Thursday, January 12, 2012


 There are several years already since I first started playing in 3D (around 2002). The 3D technologies were then almost nonexistent compared to today's possibilities. The 3D materials were also very limited. I tried and studied almost all possibilities (shutters, anaglyphs, mirrors) and every single affordable 3D method has its pros and cons: price, ghosting, color reproduction, brightness, ergonomics, size etc.

 It would be a lot to discuss about all the methods, but I will focus on the simplest of all: the FREEVIEW 3D aka cross-eye 3D aka cross-view 3d. I know a lot of  people (with healthy vision) think they cannot use this method. Well, they can.

The only requirements are: 2 healthy eyes and the ability to clearly focus on close-up (e.g. 20cm). There are lots of "how-to" sites (example) with tutorials for learning to view 3d with this method. I think the "focus on pen" method works fastest.

 I tried to find medical warnings about using this method and I couldn't find any real awareness. So all I know is what happened to me. Like most people who first tried cross-eye 3d, I had difficulties focusing and I thought I'll never be able to master the technique. When I finally started to gain focus, I was completely stunned by the picture's quality (light, color, crispness, 3d depth).

Here's a very nice sample from the well-known FUEL arcade racing game:

Here's another one from X-Men Origins: Wolverine
 So, I started watching more and more samples, until my eyes got the move. It's true, at first I felt the slight pain in the eyes. It came from the muscles that were never used in such way. It's a kind of muscle-fever in fact, but it doesn't last long. The eye muscles and the brain did a great effort in learning this completely new technique. Remember how you learned to ride the bike. It's interesting that the bike analogy doesn't stop here: once you learned how to cross-view 3d, you will never forget it. Also, the more you use it, the easier it gets. It is indeed like riding a bike.

What I can tell at this moment is that my "freeview 3d mode" has became totally painless and relaxing, while my normal eyesight is still working as intended. Also, "switching" from normal view to cross eye 3d is almost instant, regardless of the picture size I'm starring at.

 Shortly, the pros and cons of freeview 3d are
               pros: - can be used on any type of display (the bigger the better)
                       - full color
                       - full brightness
                       - ghosting / crosstalk completely eliminated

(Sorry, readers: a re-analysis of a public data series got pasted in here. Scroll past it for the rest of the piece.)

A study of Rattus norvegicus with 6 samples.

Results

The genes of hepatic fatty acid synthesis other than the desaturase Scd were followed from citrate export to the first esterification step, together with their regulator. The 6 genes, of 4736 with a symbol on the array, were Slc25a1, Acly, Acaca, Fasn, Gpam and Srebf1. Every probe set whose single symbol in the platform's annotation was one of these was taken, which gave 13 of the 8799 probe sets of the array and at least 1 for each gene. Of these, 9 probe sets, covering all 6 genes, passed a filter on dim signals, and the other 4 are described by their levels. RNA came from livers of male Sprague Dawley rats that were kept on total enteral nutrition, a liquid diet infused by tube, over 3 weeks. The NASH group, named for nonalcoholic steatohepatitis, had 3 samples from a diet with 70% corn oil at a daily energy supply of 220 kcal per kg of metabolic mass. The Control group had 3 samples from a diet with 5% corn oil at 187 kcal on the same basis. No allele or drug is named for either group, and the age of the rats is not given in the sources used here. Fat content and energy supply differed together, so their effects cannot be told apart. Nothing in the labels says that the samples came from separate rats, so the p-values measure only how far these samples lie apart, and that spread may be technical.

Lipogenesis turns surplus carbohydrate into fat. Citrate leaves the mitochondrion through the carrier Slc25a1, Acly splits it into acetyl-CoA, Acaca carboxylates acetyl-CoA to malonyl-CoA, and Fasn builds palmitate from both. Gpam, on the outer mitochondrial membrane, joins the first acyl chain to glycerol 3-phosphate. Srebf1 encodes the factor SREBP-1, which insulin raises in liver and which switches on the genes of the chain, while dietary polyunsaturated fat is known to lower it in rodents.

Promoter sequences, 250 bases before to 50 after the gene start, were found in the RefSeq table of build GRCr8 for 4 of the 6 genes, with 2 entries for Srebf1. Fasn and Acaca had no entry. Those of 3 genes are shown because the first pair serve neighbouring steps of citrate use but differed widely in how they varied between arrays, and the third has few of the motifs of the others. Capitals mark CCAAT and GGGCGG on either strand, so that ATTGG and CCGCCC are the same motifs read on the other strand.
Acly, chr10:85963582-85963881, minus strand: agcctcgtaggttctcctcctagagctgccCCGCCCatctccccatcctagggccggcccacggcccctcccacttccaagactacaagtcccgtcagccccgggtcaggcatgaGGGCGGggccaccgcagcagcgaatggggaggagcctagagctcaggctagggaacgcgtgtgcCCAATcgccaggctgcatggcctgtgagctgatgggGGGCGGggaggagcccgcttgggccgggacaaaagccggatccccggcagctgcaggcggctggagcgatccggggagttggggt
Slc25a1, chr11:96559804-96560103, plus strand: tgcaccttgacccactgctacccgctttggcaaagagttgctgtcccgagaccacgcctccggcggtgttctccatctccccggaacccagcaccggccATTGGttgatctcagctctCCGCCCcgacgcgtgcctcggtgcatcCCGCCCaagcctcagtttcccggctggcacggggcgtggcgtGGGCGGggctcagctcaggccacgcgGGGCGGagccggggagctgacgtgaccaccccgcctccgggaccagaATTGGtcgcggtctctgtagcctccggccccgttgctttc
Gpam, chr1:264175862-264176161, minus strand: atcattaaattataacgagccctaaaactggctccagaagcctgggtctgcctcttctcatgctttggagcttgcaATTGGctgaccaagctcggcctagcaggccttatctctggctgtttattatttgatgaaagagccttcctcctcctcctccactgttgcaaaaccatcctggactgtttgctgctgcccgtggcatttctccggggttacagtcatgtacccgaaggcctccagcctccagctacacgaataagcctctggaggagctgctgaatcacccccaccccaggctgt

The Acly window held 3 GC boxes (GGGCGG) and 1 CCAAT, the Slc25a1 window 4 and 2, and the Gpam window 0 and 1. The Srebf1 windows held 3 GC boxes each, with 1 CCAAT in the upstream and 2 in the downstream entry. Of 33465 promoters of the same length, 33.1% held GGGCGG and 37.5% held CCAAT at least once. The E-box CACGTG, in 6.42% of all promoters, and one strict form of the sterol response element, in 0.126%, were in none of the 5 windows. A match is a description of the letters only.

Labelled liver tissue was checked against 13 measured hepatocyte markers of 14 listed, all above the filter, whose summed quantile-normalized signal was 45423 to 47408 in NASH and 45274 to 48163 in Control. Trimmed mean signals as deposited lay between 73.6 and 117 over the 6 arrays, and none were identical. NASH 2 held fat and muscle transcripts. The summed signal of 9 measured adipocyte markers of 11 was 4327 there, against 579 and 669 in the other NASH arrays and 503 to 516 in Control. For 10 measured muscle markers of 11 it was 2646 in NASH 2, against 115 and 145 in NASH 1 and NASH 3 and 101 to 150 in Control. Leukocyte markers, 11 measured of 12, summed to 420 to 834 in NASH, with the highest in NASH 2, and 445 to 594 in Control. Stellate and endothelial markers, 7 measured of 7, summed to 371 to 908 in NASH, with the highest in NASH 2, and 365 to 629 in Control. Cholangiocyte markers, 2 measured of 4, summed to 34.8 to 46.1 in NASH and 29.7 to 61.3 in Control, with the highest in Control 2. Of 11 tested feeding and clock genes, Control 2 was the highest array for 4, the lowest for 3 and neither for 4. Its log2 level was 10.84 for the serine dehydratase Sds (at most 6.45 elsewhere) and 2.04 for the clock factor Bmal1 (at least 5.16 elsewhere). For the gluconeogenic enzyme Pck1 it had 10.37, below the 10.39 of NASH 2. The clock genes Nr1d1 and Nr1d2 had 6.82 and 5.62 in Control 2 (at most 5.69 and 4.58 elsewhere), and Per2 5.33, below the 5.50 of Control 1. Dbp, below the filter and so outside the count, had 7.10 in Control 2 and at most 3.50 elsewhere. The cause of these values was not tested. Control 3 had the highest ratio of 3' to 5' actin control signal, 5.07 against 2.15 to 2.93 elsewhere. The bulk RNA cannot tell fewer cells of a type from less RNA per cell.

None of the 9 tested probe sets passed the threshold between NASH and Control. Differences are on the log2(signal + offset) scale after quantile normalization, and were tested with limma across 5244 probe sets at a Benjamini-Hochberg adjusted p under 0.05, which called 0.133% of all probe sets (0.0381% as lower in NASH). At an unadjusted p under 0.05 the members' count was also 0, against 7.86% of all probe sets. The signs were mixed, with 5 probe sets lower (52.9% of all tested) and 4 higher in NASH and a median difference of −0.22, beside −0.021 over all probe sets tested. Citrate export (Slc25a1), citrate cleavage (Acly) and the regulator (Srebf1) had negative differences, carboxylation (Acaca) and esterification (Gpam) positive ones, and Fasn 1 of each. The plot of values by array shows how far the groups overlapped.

- allows extreme 3d separation

              cons: - takes a while to learn how to do it (solvable)
                        - might not be relaxing for everyone (at least in first 2-3 days - solvable)
                        - the 3d image size cannot be more than half of the entire screen size

 Freeview mode displays 3 images: the middle one is the composed 3D, but the first and the third are useless and, for the best effect, one should not see them. In other words, each eye should only see its own perspective image: left eye should only see the right side image, right eye should only see the left side image.

 This is where the "glasses" come in. In fact, no lenses are involved, but 2 shields that are simply blocking the unnecessary perspective for each eye.
 The near image represents the main idea for the shields, but cardboard and some imagination should prove equally efficient.
 I'm using "professional" home-made cardboard shields which are made of some cheap anaglyphs that come with 3d DVD movies.

 Again, every person having both healthy eyes, who can focus close-up can do this. I am currently playing games in freeview 3d on a 32" screen and it is relaxing, believe it or not.

 Having an ATI graphics card, I am using third party software (Iz3D - because it's flexible/I got used to it). Most probably, the solutions posted in my future posts will be more or less related to this configuration.

 I am continuously trying to get the best of this method with PC games. Should a game be awesome in 3d, I will post screenshots, clips. Should a game need a workaround or fix I found, it will be presented here.

 I'm always having hard times trying to get pieces of information for fixing games for crossview 3D, because except for some forums, there isn't any place where such information is gathered and organized. I hope I'll be able to offer such a feature for others embracing this 3D method.